Archive for July, 2021


July 26, 2021


   Moved beyond words, I finished this novel in tears, hands shaking. And this is the second time I have read it. It goes alongside “Under Milk Wood” and “Birdsong” as the only three fictional works of genius which I know of written in the English language during my life of 80 odd years.

         Like any work of genius there is no knowing or understanding how it came to be – for that is surely the definition of  ‘genius’ – it is something incomprehensible which touches us from beyond. But the author tells us this  in his Front-piece note:

         “When I was 34 and had been iller than I knew for two long years, my recovery began in the strangest and most magical of ways. I woke one day from dreaming and saw myself when very young, as clearly as in a black and white Kodak photograph. I saw how desperately the little boy I once was had needed to talk to someone in a world where no one wanted to listen. I decided there and then to travel back in time and let myself as an adult  listen to the child. This book and my final healing is the result of that listening over very many years.”

         Abandoned by a father he briefly knew and brought up by a mad sadistic mother, Jimmy manages to find some comfort and solace from others in the small seaside town in which he grew up on the Kent coast (Deal): Mr and Mrs Bubbles; Granny (unforgettable); Mr Boys who taught him to read – and gave him  a copy of  “The Children’s Encyclopaedia”; the ‘African Gentleman’;  and Mr Wharton the teacher who turned failures into successes by telling his new class : “You are all experts in the English Language”  and showing them that the syllabi for all of their approaching O-levels were crammed into a  few short pages . And then there was his first touching love affair with Harriet – which was tragically ended by his brutal mother. And the finale when, as a lost man of 30, he managed to re-unite Mrs Bubbles with her twin in France – who she had imagined had been killed in the war forty years earlier. And of course there is the darkest of dark villains – Captain Flax at his grammar school.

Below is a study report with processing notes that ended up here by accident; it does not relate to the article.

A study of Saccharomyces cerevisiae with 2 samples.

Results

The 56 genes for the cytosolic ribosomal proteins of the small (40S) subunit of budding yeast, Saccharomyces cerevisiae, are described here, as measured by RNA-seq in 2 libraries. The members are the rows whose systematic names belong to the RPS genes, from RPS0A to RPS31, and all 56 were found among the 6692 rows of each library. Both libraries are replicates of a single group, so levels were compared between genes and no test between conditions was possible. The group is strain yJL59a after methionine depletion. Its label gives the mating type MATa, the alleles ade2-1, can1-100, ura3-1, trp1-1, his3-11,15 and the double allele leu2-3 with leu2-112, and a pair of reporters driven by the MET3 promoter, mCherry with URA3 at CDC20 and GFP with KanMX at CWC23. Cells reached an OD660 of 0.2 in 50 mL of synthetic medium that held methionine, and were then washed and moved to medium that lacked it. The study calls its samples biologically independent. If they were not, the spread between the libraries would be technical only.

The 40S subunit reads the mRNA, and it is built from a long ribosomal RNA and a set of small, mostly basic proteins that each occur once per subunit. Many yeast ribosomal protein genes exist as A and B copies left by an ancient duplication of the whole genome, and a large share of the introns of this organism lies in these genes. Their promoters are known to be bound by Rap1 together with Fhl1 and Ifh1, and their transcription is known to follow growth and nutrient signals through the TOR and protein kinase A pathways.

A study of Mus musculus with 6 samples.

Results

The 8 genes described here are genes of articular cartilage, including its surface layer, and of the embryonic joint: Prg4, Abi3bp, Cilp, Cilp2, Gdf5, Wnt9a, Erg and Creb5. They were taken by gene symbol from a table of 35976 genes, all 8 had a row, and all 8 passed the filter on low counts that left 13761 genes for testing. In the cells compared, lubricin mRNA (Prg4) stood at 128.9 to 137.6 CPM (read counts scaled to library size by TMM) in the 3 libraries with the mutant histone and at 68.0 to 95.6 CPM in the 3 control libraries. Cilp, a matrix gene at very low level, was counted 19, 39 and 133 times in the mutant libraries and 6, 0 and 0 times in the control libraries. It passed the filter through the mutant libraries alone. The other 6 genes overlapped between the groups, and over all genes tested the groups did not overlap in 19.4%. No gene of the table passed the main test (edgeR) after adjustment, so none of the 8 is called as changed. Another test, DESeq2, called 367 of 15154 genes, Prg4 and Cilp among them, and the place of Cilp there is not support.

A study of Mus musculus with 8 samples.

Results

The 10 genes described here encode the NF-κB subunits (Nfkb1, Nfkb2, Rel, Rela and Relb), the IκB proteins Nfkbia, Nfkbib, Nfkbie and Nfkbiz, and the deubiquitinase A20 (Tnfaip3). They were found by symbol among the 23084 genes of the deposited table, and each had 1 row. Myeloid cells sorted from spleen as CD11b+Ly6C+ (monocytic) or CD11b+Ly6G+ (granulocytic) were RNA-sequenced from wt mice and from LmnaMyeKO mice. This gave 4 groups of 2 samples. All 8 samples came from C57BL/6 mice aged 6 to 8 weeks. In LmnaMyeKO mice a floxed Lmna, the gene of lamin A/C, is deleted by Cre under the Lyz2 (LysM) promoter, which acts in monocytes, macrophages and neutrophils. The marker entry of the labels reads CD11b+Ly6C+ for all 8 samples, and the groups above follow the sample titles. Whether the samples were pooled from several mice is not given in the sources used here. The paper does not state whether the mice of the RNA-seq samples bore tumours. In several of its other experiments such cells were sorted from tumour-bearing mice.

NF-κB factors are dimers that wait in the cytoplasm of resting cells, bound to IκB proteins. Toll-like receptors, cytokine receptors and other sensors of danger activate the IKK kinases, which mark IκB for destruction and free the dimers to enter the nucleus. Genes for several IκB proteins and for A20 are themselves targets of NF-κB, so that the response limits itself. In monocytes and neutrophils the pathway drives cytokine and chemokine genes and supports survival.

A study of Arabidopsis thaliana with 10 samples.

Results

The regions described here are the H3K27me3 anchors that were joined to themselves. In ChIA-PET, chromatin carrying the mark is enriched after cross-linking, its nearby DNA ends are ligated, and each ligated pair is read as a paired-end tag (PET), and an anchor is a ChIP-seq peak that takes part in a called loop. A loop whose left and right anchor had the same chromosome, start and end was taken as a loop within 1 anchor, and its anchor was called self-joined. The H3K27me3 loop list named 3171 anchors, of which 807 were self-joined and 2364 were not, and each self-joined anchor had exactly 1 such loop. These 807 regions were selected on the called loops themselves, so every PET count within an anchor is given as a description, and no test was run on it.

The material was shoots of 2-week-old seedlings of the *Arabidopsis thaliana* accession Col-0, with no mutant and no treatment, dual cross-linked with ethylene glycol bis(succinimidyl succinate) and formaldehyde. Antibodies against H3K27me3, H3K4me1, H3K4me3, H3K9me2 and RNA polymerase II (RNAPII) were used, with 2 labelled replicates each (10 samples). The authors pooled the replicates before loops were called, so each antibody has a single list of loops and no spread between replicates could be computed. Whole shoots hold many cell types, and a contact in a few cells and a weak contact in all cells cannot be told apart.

We all need to feel , don’t we, that when we grow up we can  be happy and lead graceful lives – and if our parental role models do neither we must look elsewhere. In hunter-gatherer groups children are brought up by the group as a whole and often identify with mentors other than their biological parents [because the biological connection isn’t realised . See “Reindeer Moon” by Elisabeth Marshall Thompson for such a childhood ].

         Thank you so much William Horwood for a work of art that will endure for centuries!


July 10, 2021


It is impossible to describe magic which, of its very nature, is inexplicable. But ‘Waterfalls of Stars’ by Roseanne Alexander (2017) is magic from beginning to end. It’s about a girl who half loved a boy who was already helplessly in love with a wild island off the coast of Pembrokeshire in West Wales. When he was appointed to be its warden — provided he got married within ten days — Roseanne had to hurriedly make up her mind whether to share his dream, which certainly wan’t hers, or snatch it away. Thank goodness for us she succumbed and fell so completely under the island’s spell that she could hardly bear to leave it, even for hours, for the next ten years. Indeed she loved Skomer so much that she has vowed never to return, in case it breaks her heart.

Instead she has has written a lyrical love-letter to Skomer and all its wild creatures which she has kindly shared with us. It is no exaggeration to say it ranks alongside Dylan Thomas’ ‘Under MIlk Wood’ and R.M Lockley’s ‘The Island’ as a vivid and unforgettable evocation of coastal life in Wales. What more can I say except that everyone into whose hands I have thrust it couldn’t put it down, and intends to re-read it — as I have done twice already. It just gets better.

Britain has so very little true wilderness left but Skomer, set amidst its fierce tide-races and overfalls is an unforgettable reminder of what we have so nearly lost. With its 40,000 breeding puffins, 600, 000 breeding Shearwaters, innumerable seals, Kittiwakes, Elegugs and Razorbills, it is a wonder we must preserve at all costs in case it goes under to another foolish and unnecessary oil-tanker tragedy like the 1996 Sea Empress disaster outside the oil-terminal at Milford Haven, not twenty miles away. But if Roseanne’s love letter was to be Skomer’s only epitaph I cannot imagine a better. Her text is as unforgettable as her title [Seren Books, 2017, £12.99, ] .Do yourself a favour: buy it, read it and hand it on.